From the Microsoft blog post:
Since we started to roll out unlimited cloud storage to Office 365 consumer subscribers, a small number of users backed up numerous PCs and stored entire movie collections and DVR recordings. In some instances, this exceeded 75 TB per user or 14,000 times the average. Instead of focusing on extreme backup scenarios, we want to remain focused on delivering high-value productivity and collaboration experiences that benefit the majority of OneDrive users.
Here are the changes:
- We’re no longer planning to offer unlimited storage to Office 365 Home, Personal, or University subscribers. Starting now, those subscriptions will include 1 TB of OneDrive storage.
- 100 GB and 200 GB paid plans are going away as an option for new users and will be replaced with a 50 GB plan for $1.99 per month in early 2016.
- Free OneDrive storage will decrease from 15 GB to 5 GB for all users, current and new. The 15 GB camera roll storage bonus will also be discontinued. These changes will start rolling out in early 2016.
We’re taking the following steps to make this transition as easy as possible for customers:
- If you are an Office 365 consumer subscriber and have stored in excess of 1 TB, you will be notified of this change and will be able to keep your increased storage for at least 12 months.
- If you are an Office 365 consumer subscriber and find that Office 365 no longer meets your needs, a pro-rated refund will be given. To learn more visit the FAQ.
- If you are using more than 5 GB of free storage, you will continue to have access to all files for at least 12 months after these changes go into effect in early 2016. In addition, you can redeem a free one-year Office 365 Personal subscription (credit card required), which includes 1 TB of OneDrive storage.
- Current customers of standalone OneDrive storage plans (such as a 100 or 200 GB plans) are not affected by these changes.
OneDrive has always been designed to be more than basic file storage and backup. These changes are needed to ensure that we can continue to deliver a collaborative, connected, and intelligent service. They will allow us to continue to innovate and make OneDrive the best option for people who want to be productive and do more.
The grace period is lower than a year for non-Office 365 users, importantly:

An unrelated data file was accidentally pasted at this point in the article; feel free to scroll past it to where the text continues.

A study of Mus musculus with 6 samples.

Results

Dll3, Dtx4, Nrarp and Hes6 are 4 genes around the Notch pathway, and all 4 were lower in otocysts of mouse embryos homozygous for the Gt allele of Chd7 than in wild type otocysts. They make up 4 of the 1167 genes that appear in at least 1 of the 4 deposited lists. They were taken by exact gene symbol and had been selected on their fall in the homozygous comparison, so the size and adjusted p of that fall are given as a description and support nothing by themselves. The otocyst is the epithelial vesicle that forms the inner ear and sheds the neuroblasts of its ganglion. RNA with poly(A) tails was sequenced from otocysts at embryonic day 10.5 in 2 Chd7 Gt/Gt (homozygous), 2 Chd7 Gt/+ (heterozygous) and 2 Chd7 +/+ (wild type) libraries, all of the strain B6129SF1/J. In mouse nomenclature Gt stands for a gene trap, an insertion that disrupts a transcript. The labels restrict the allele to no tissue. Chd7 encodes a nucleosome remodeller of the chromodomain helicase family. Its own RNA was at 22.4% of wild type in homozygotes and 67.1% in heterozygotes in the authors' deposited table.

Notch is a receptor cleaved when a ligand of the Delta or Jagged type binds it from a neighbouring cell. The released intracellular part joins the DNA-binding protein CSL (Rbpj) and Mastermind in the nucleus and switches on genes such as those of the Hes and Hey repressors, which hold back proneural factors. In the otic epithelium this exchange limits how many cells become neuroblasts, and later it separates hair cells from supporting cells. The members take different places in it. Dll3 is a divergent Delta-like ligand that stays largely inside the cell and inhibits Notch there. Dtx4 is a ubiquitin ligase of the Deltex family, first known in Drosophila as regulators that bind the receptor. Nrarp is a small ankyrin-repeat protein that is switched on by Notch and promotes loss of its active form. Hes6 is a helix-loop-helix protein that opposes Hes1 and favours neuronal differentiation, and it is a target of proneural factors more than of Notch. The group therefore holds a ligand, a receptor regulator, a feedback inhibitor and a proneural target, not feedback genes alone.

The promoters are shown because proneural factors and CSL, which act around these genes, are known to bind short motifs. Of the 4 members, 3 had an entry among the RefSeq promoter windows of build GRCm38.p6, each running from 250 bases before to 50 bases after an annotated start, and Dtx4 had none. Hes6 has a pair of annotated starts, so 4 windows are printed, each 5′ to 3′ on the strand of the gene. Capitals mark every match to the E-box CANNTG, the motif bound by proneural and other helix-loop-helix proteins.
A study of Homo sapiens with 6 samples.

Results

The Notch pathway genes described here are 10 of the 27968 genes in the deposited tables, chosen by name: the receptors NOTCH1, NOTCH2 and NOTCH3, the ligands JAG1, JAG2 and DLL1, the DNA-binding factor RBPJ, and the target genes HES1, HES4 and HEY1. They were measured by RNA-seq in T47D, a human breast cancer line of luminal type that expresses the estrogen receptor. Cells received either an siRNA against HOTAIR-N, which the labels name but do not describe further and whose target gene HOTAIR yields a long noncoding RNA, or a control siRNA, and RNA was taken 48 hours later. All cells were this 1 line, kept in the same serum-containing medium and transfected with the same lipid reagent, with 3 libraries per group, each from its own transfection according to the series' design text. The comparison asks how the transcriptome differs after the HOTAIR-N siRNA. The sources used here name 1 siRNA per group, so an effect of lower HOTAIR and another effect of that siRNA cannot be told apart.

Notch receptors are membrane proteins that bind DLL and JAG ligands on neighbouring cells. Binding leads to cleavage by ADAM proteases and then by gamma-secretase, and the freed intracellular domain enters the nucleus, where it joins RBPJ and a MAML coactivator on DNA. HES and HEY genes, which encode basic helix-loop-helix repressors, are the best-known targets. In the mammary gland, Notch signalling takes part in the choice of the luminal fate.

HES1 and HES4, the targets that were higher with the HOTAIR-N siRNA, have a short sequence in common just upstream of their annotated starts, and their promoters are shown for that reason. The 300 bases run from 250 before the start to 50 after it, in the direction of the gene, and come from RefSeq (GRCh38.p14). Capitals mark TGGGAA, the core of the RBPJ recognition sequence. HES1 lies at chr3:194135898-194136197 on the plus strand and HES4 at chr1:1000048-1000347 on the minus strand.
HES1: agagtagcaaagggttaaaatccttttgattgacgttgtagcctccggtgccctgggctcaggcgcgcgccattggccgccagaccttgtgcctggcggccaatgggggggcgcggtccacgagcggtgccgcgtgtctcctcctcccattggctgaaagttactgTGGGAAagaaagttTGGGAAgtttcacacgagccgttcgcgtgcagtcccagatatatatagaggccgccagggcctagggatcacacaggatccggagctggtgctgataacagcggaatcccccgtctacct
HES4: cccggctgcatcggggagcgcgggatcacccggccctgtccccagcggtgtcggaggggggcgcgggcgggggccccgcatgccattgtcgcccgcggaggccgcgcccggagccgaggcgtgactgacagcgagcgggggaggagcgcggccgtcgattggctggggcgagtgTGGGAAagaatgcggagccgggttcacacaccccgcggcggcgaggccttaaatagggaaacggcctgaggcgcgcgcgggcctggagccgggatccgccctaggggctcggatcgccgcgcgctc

If you have a free OneDrive plan and will be over your storage quota as a result of these changes:
- You will be notified and will have 90 days’ notice to take action before your account will become read-only.
- If you are over quota after the 90 days, you will still have access to your files for 9 months. You can view and download them. However, you will not be able to add new content.
- If after 9 months and you are still over quota, your account will be locked. That means that you will not be able to access the content in your OneDrive until you take action.
- If after 1 year you fail to take action, your content may be deleted.
So it probably makes sense to review what you're using OneDrive for, perhaps as a New Year's resolution? As a user of Office 365, I'm not affected in any way, but I thought a screenshot of my current allocations would help show how many AAWP readers' entitlements may have grown:
So that initial 15GB will reduce to 5GB. There's no mention of what will happen to the 'Loyalty bonus' that many of us got as early adopters, so maybe that stays. The Camera roll bonus is being dropped but Microsoft's pages make no mention of what happens to people who have already been awarded this.
Ditto the 'Bing' and 'Enthusiast' bonuses. OK, so perhaps I've overdosed on one too many Microsoft OneDrive offers! These are of limited duration anyway, so I'm guessing these stay in place until they expire.
There's some extra information can be found at the FAQ, though overall I find myself puzzled. If all of this was caused by some users abusing the 'unlimited' option (when everyone knew it was really 1TB), then why not just cap these miscreants at a Terabyte and be done with it? How on earth does inconveniencing the 99% who are not really causing any server problems help solve an easily-fixed problem caused by the other 1%?
Comments welcome - will any of this affect you? I realise that Microsoft needs to not lose too much money on Cloud storage and that $2 a month for 50GB extra isn't going to break anyone's wallets, but this set of storage tweaks seems liable to just cause bad feeling all round, not least from people who jumped on board the ecosystem under the 15GB-free deal. And right now, Microsoft needs all the friends and customers it can get.